Who Gets A Ventilator Or An ICU Bed? Colorado Issues Crisis Guidelines For Health Care Workers
Gov. Jared Polis' Expert Emergency Epidemic Response Committee has issued updated crisis standards of care guidelines, which include recommendations for how healthcare workers should make decisions about who receives things like ventilators or ICU beds if the state's healthcare systems hit capacity during the COVID-19 pandemic.
Dr. Matthew Wynia is the Director of the Center for Bioethics and Humanities at University of Colorado Anschutz Medical Campus. He discussed the guidelines with KUNC's Colorado Edition.
These interview highlights have been lightly edited for length and clarity.
Erin O'Toole: Who would be using these guidelines to make decisions in these hospitals?
Dr. Matthew Wynia: There are some folks who might be under the impression that if there's a need to make these kinds of triage decisions that their doctor would be looking at them and saying, "are you worthy of a ventilator or not?" And that's not the preferred way to do this.
Nationally the consensus is that your doctor should be able to advocate for you as their patient. The bedside team should be insulated from making these kinds of decisions if it comes to that.
The state is putting together crisis triage teams with senior people on them. They would be informed by objective data. They would not in most instances even know your name, or your race, or your religious identity or sexual orientation or whether you have a disability, or whether you have health insurance or whether you're a VIP.
So the governor would be treated the same as anyone else in the state under these guidelines. The triage team would not even have access to the information about who they're looking at. The same thing happens with the organ transplantation system. That ensures the equity of application of the guidance across the whole state.
This crisis triage team may need to make a decision about who gets a ventilator or an ICU bed. Walk us through the four steps for how that decision would be made.
We're hopeful that the first step is the determinative one, because that's the step that is entirely objective and based on clinical criteria. We need to find the people who are most likely to benefit from getting that resource. If you're thinking about a ventilator, for example, you want to know if the person we're looking at is going to die if they don't get the ventilator and if they do get it, if they will survive.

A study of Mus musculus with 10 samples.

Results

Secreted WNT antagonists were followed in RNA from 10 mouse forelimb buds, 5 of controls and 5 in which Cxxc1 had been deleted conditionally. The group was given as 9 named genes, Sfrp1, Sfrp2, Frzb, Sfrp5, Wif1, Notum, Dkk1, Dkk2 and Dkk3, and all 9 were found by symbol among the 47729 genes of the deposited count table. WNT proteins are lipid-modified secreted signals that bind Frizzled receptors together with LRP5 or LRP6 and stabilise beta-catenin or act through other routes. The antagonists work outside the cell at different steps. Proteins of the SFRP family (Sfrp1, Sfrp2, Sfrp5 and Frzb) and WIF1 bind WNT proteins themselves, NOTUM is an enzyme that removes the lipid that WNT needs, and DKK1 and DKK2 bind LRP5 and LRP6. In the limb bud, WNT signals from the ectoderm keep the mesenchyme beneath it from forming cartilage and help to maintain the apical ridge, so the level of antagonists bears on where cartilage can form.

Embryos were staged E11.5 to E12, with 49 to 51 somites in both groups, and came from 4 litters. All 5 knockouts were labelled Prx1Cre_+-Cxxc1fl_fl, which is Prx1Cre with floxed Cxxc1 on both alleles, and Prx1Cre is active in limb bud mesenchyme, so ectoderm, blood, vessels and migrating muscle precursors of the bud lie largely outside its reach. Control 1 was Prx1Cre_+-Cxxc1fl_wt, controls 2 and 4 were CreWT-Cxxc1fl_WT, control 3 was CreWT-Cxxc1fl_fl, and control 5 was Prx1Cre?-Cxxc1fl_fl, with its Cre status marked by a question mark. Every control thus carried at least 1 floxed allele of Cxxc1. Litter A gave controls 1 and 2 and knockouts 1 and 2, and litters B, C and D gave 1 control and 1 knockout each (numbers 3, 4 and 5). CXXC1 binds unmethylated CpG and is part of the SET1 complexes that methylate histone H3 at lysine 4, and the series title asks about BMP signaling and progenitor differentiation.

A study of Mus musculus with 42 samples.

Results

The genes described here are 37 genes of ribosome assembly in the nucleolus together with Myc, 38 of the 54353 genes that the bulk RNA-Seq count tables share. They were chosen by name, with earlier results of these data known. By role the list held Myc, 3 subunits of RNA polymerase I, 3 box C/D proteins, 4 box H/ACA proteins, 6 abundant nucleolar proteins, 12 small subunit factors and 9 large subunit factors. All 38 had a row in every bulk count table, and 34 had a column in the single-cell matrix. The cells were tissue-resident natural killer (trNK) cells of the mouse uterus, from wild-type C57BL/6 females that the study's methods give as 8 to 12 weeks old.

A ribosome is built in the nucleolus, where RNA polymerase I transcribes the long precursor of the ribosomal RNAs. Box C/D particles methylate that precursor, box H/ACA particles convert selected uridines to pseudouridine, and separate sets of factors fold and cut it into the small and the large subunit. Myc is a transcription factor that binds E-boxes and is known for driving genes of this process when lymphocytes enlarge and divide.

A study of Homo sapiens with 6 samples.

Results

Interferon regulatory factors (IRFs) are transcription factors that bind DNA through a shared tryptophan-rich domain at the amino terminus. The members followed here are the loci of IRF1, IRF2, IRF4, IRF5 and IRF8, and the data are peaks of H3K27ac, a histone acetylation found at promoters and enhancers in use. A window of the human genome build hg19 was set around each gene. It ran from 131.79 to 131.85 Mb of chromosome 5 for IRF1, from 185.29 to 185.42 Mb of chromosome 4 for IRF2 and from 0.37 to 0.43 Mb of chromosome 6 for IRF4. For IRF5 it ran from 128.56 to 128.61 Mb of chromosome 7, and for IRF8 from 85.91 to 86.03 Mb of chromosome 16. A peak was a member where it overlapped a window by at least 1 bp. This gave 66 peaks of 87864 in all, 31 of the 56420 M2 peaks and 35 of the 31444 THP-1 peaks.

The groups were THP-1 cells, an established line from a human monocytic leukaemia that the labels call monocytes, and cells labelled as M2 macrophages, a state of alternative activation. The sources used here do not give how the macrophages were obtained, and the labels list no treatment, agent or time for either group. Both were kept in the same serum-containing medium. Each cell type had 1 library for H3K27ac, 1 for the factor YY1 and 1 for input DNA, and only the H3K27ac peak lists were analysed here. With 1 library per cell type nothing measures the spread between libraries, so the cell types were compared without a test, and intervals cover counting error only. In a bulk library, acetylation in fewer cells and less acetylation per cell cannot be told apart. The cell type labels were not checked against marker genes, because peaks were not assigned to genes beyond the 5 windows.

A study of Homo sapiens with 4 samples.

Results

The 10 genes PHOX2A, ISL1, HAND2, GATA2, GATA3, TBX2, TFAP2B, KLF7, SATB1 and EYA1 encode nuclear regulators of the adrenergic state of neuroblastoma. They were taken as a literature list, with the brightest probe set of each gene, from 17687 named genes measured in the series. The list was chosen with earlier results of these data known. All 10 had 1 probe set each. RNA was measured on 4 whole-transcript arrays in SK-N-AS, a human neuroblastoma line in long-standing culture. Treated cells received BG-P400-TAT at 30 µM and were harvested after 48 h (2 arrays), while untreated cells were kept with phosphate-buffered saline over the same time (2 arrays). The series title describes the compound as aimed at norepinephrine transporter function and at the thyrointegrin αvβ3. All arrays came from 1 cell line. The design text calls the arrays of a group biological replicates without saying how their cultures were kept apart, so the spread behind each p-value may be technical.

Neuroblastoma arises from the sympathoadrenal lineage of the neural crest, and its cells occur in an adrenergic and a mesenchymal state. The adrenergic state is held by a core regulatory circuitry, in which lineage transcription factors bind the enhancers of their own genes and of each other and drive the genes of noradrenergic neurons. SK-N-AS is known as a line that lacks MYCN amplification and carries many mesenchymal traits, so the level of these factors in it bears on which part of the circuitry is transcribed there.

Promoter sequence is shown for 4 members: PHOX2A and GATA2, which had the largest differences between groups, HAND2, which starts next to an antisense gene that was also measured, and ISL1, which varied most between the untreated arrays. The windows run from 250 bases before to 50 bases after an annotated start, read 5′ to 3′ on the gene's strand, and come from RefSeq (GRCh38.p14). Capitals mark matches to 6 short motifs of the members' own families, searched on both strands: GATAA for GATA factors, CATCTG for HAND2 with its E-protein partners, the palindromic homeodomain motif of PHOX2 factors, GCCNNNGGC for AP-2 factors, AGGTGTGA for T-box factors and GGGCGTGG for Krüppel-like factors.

If you have someone who is probably going to pass away no matter what, that person would be de-prioritized. Likewise, if you have someone who's probably going to survive, even if they don't get the ventilator, that person too, would be de-prioritized compared to the person in the middle, who is liable to die and will survive only if they get access to that scarce resource.
The next step comes if there is a tie. We hope that we don't need to use this at all. We hope there won't be a lot of ties and that it will be obvious. There are a number of people for whom getting on a ventilator is not going to help and it's just going to prolong the dying process.
I hate to say this because it's kind of depressing but the survival rate for people with COVID-19 who need to be put on a ventilator is very poor, even if they get put on the ventilator. We sometimes talk about ventilators as though if you get one, you're going to make it and if you don't get it, you won't.
The reality, sadly, is that more than half of the people put on ventilators end up dying. In some studies, it's 85 or 90 percent of people who are put on ventilators for COVID-19 still end up dying. So we are hopeful that we will not have a lot of tiebreakers because we want to use the ventilators we have for the people who have a chance at long-term survival.
But the secondary criteria are looking at: Is the person necessary for the response to the epidemic? Is it a healthcare worker, a first responder, someone who if we can get them back in the fight, they can go on to help save additional lives? We're also looking at children as getting some priority over older people as a sort of secondary criterion if we need to have a tiebreaker.
There are steps beyond those tiebreakers. If you've got three or four or five people, all of whom are essentially equal in terms of the likelihood that they will benefit and all of whom are equal in terms of any of the other tiebreakers, we would turn to a random allocation process that really is the only fair way to decide who might get access to something like a ventilator. You're literally talking about flipping a coin or using a random number generator to make that decision.
Knowing this, is there anything that patients or loved ones of patients should know about advocating for patients under these circumstances?
The most important thing right now is for folks to understand how rapidly this disease can come on and become very serious. We have had a number of people who are looking okay, for a day or two. And then within just a few hours, they can decompensate very quickly.
So you should have an advance directive: Name someone who would be able to make decisions for you in the event that you're no longer able to speak for yourself, because you really can't breathe. Everyone in the state ought to have an advanced directive right now.
I don't care how old you are, you ought to have someone named as your medical-durable power of attorney for health care. So if you get this and it gets bad, there's someone who is there to speak for you.